1.5 Million Reasons You’re Single…The Shortage of Black Men Is Real


Of course, there’s the understanding that her single status comes from a shortage of Black men, a phenomena that has been presented, recycled, and repackaged by news outlets and Hollywood machines more times than anyone cares to count.

It’s exhausting. Infuriating even. But it’s true.

The  New York Times  recently ran an article titled: 1.5 Million Missing Black Men.

These men are not John Doe, but they are missing in action, absent from society due to early death or incarceration. According to the report one out of every six black men who today should be between 25 and 54 years old have disappeared from daily life.

The numbers are staggering.

 

Writes the Times:

Remarkably, black women who are 25 to 54 and not in jail outnumber black men in that category by 1.5 million, according to an Upshot analysis. For every 100 black women in this age group living outside of jail, there are only 83 black men. Among whites, the equivalent number is 99, nearly parity.

The resulting gender gap is more than a romantic inconvenience. It is wreaking havoc on Black families, Black wealth creation, and even Black health.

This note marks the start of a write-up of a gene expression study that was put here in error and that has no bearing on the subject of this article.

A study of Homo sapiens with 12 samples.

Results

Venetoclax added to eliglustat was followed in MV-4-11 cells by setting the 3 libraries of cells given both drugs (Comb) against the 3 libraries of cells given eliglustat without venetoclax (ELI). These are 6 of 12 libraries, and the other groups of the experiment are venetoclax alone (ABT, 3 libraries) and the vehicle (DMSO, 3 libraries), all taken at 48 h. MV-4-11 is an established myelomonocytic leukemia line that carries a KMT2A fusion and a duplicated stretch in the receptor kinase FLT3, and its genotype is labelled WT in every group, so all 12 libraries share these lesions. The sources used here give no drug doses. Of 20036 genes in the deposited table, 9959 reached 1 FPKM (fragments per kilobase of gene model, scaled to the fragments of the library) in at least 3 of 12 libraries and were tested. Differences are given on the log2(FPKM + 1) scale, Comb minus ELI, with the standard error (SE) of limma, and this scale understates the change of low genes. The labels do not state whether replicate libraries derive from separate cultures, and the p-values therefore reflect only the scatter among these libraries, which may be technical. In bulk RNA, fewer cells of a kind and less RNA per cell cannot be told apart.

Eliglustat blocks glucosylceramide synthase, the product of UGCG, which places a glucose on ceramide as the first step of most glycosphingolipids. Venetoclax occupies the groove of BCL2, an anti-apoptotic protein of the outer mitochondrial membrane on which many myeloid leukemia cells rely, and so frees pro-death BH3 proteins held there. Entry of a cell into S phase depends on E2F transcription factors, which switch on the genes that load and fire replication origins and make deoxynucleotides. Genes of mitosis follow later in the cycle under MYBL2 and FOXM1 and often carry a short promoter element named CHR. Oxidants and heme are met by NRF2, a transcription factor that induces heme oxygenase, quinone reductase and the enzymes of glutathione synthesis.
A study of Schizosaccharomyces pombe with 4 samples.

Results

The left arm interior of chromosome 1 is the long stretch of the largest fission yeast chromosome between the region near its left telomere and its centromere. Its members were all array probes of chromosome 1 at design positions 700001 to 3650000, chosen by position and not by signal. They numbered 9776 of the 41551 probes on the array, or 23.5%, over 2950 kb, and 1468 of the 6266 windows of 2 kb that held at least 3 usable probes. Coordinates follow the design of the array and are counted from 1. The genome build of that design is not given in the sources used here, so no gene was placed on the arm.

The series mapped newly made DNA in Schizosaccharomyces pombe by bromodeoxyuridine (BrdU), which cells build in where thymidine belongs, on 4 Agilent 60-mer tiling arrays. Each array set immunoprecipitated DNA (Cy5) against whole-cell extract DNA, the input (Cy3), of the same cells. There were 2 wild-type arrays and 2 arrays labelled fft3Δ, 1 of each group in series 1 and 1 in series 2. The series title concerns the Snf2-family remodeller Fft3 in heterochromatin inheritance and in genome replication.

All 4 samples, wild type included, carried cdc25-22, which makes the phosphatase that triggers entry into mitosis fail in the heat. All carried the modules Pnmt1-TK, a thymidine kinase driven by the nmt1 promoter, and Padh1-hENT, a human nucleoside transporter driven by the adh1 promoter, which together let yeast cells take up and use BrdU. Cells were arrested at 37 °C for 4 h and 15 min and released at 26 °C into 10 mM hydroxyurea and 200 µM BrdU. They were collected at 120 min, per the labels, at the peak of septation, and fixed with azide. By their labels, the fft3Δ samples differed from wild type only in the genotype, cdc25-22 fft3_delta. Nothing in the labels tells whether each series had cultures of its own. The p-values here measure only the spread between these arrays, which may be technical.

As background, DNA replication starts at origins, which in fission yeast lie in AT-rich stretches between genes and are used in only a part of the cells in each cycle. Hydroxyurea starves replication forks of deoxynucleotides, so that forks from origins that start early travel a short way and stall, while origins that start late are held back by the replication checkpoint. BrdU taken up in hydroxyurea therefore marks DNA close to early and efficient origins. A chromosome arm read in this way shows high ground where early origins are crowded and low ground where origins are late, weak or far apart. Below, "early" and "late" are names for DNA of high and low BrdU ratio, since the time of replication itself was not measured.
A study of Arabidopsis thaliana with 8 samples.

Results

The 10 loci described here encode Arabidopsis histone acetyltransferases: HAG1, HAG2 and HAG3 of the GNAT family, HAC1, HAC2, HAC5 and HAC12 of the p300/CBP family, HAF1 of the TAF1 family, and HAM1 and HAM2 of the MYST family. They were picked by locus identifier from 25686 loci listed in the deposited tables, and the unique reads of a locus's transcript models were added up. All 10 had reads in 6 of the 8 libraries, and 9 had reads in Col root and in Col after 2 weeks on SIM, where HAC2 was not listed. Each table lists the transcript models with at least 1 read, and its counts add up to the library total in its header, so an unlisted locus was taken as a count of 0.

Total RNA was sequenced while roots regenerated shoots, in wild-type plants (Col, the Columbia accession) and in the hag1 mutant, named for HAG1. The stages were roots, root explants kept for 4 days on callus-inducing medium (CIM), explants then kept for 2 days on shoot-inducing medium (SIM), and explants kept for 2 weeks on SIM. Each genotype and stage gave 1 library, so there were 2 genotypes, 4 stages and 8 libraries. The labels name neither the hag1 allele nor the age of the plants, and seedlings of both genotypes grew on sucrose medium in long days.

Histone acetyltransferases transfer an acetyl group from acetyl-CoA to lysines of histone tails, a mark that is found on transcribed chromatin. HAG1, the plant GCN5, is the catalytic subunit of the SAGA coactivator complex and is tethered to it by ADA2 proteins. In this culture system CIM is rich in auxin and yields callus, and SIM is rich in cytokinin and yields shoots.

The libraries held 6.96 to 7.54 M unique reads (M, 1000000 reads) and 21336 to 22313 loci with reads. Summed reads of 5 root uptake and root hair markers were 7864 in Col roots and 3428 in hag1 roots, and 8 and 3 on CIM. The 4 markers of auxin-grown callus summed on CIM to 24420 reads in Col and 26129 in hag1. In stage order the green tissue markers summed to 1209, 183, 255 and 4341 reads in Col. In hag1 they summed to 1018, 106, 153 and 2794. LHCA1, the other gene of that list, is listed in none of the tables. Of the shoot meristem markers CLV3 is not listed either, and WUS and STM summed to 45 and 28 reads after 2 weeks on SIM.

Some other surprising notes from the report:

  • Ferguson, Missouri has the largest share of “missing Black men” with just 60 men for every 100 Black women aged 25-54.
  • New York City has the largest number of “missing Black men” with 118,000. Chicago and Philadelphia come in 2nd and 3rd respectively.
  • In spite of a slight downturn in the incarceration rates, the Black prison population is still abominable. Almost 1 in 12 Black men 25-54 are incarcerated, compared to 1 in 60 non-Black men, 1 in 200 Black women, and 1 in 500 non black women.
An aside, HIV prevalence in US prisons are 4 times that of the normal population, so discriminatory incarceration patterns are also contributing to  high HIV infection rates in the African-American community.
Researchers say high incarceration rates increase risk behaviors associated with H.I.V. by skewing the ratio of women to men, worsening economic conditions and increasing the social capital of men who are not imprisoned.
These days, amidst a seemingly unending fusillade of racially motivated police attacks, the fragility of Black life is all the more apparent. There is a glimmer of hope that the fledgling bipartisan movement to correct drug sentencing laws for non-violent offenders will put a dent in massive Black incarceration rates, but even that would only begin to address the multiple layers of oppression that have long afflicted the Black community.